This was my first 10k of the year and to be honest I wasn't really sure how I would get on. My running aim for 2016 is to do a race every month and January, February and March eased me in gently with 5k races.
This race was going to be the test to see how my fitness was going. In 2015, I didn't run my first 10k until August due to illness and I managed to get three 10ks in between then and the end of the year. Those races were focused on simply completing the distance, running without stopping - which I managed to achieve on each occasion. I managed to complete my first race - an undulating Forth Road Bridge - in 69:03. I managed to run a faster time in each of the other races, finishing on 66:24 - although I am not entirely convinced the course was an accurately measured 10k.
I had managed to keep my training going over the winter keeping a longer run of 5 miles in there so it wasn't too big a step up to get into 10k mode. I had been doing a weekly speedwork session since Christmas but after Inverness 5k I decided to concentrate on getting more miles in. Owain and I sat down and wrote a new programme for me (I do like to have structure to tell me what to do!). We knew Grangemouth was just going to be a marker for the year but I did say to Owain that I would love to get back under 65 minutes. My 5k times were averaging around 31 minutes so we thought this was a challenging but achievable aim.
Fast forward to race day and for a change I felt nice and relaxed. A few days before the race I had read a post on twitter about running mottos and being able to run strong and I felt this was a good mantra for me to have for the day. I wanted to come into the finish line feeling strong and not ready to collapse.
There was general chat with friends about the course and aims for the day. I did say to a few folk that I was aiming for sub 65, then wondered if that was a good idea as it may put me under pressure. Never mind, it had been said.
As we gathered at the start line, I decided to have a wee warm up jog just to get my breathing into a nice rhythm. I came back and joined in with the crowd - it wasn't until I saw the video of the start that I realised just how far back I had actually started. This was part of my thinking as I didn't want to set off too fast. I knew to run sub 65 minutes I needed to run an average pace of 10:25 so deliberately didn't let myself go faster than 10.15 min/mile for the first k. This actually worked really well and linked with my run strong mantra as by the first k I was gradually picking people off and this continued for most of the race.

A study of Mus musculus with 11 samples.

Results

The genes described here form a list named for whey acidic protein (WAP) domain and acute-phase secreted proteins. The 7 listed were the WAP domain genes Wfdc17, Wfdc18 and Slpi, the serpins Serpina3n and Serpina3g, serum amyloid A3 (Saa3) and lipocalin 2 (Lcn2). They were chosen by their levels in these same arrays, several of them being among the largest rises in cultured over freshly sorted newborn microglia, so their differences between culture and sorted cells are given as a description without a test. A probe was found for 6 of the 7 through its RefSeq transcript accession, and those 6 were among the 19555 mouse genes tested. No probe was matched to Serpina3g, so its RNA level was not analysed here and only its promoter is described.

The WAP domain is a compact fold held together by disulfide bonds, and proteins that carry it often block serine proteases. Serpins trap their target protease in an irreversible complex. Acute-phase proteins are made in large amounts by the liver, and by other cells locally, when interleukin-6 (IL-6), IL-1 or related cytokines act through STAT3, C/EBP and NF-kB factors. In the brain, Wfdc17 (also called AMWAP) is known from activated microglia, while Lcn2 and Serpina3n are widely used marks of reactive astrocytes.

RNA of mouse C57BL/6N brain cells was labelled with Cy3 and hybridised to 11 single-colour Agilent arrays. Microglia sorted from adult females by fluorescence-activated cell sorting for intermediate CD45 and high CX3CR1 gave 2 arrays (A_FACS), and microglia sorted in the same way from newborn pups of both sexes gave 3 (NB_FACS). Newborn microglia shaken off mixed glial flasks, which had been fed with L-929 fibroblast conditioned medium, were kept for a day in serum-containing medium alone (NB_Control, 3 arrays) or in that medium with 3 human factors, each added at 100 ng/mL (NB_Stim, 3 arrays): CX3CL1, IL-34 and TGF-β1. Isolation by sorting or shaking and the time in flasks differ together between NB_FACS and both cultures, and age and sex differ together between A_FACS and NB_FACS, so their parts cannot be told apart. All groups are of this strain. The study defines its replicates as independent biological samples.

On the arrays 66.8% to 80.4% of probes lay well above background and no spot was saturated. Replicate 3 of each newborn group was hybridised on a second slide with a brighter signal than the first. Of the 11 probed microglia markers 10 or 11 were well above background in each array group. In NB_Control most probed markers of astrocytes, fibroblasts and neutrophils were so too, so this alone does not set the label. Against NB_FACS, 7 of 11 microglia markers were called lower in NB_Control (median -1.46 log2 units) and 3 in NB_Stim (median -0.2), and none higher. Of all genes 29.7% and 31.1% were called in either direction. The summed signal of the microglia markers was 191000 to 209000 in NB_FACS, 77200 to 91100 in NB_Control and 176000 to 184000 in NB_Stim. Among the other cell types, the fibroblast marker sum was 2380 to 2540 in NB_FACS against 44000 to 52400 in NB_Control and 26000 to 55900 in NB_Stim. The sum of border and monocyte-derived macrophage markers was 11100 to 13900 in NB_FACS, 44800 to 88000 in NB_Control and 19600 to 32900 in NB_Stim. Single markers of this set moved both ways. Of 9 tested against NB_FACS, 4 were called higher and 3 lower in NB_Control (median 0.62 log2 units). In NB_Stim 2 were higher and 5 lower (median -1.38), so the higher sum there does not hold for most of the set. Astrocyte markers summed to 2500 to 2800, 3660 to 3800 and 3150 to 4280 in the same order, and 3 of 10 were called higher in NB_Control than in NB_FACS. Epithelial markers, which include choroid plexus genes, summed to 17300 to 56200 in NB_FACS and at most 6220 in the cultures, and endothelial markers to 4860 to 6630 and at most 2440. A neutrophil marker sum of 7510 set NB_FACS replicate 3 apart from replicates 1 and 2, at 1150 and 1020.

I found myself struggling around 6/7k as it was pretty open with a slight wind running alongside the dual carriageway but I just keep repeating my mantra of "run strong" and focusing on keeping my body strong. My running posture has never been good, I have always stuck my bum and hips back and this worsened due to muscle deterioration from my Graves but this is something I am working on - I just need to focus myself when I feel I am getting tired.
As we approached 7k, we were running up past the stadium knowing that we would be heading back down the other side of the road to head back into the stadium - although I hadn't quite appreciated there was a wee out and back cone section too! This threw me a bit but a few glances of my watch showed me that my pace was averaging 10:25, meaning it would be touch and go whether I would get my sub 65 minutes. I knew I had to dig in and just keep going. As I came back down towards the stadium, I got a wee shout and smile from Owain telling me there wasn't far to go. I had ran the race before so knew we ran round the outskirts of the stadium before heading on to the track for the finish - and I remembered from the last time that the outside section was longer than I thought. I got around what I thought was half way and a sneak peak of my watch showed 63.30. I knew it would be touch and go whether I would get my sub 65. I gave myself a kick up the bum as I knew I would be so disappointed if I was just over and so really picked up the pace. I didn't even look at my watch as I made my way on to the track as I didn't want to lose valuable seconds. It was only when I crossed the line I looked at my watch and saw my finish time of 64:45. Woo hoo!
At the start of the day, I genuinely didn't know how I was going to get on as it was a big ask for me. I know I am never going to win any prizes with my running times, even fully fit, but to me it was just such a significant step on my way back to fitness. I see the big hurdles as sub 65 and then sub 60.
Uploading my stats to garmin, I realised that this was the fastest 10k I have ran since 2010! We now know that I had probably been ill since the end of 2010/beginning of 2011, but it took until mid 2012 before I was diagnosed. This really made me feel that I am on the way back to previous fitness.
So what next? I have already signed up for a couple of 10ks and the focus will be on trying to push and properly race them. Just now I feel there is still a balance between trying to run fast and my fitness in making sure I get round the course without having to walk. Realistically, I don't expect to get anywhere near the hour mark until towards the end of the year. That being said, it doesn't mean I am not going to give it a good try!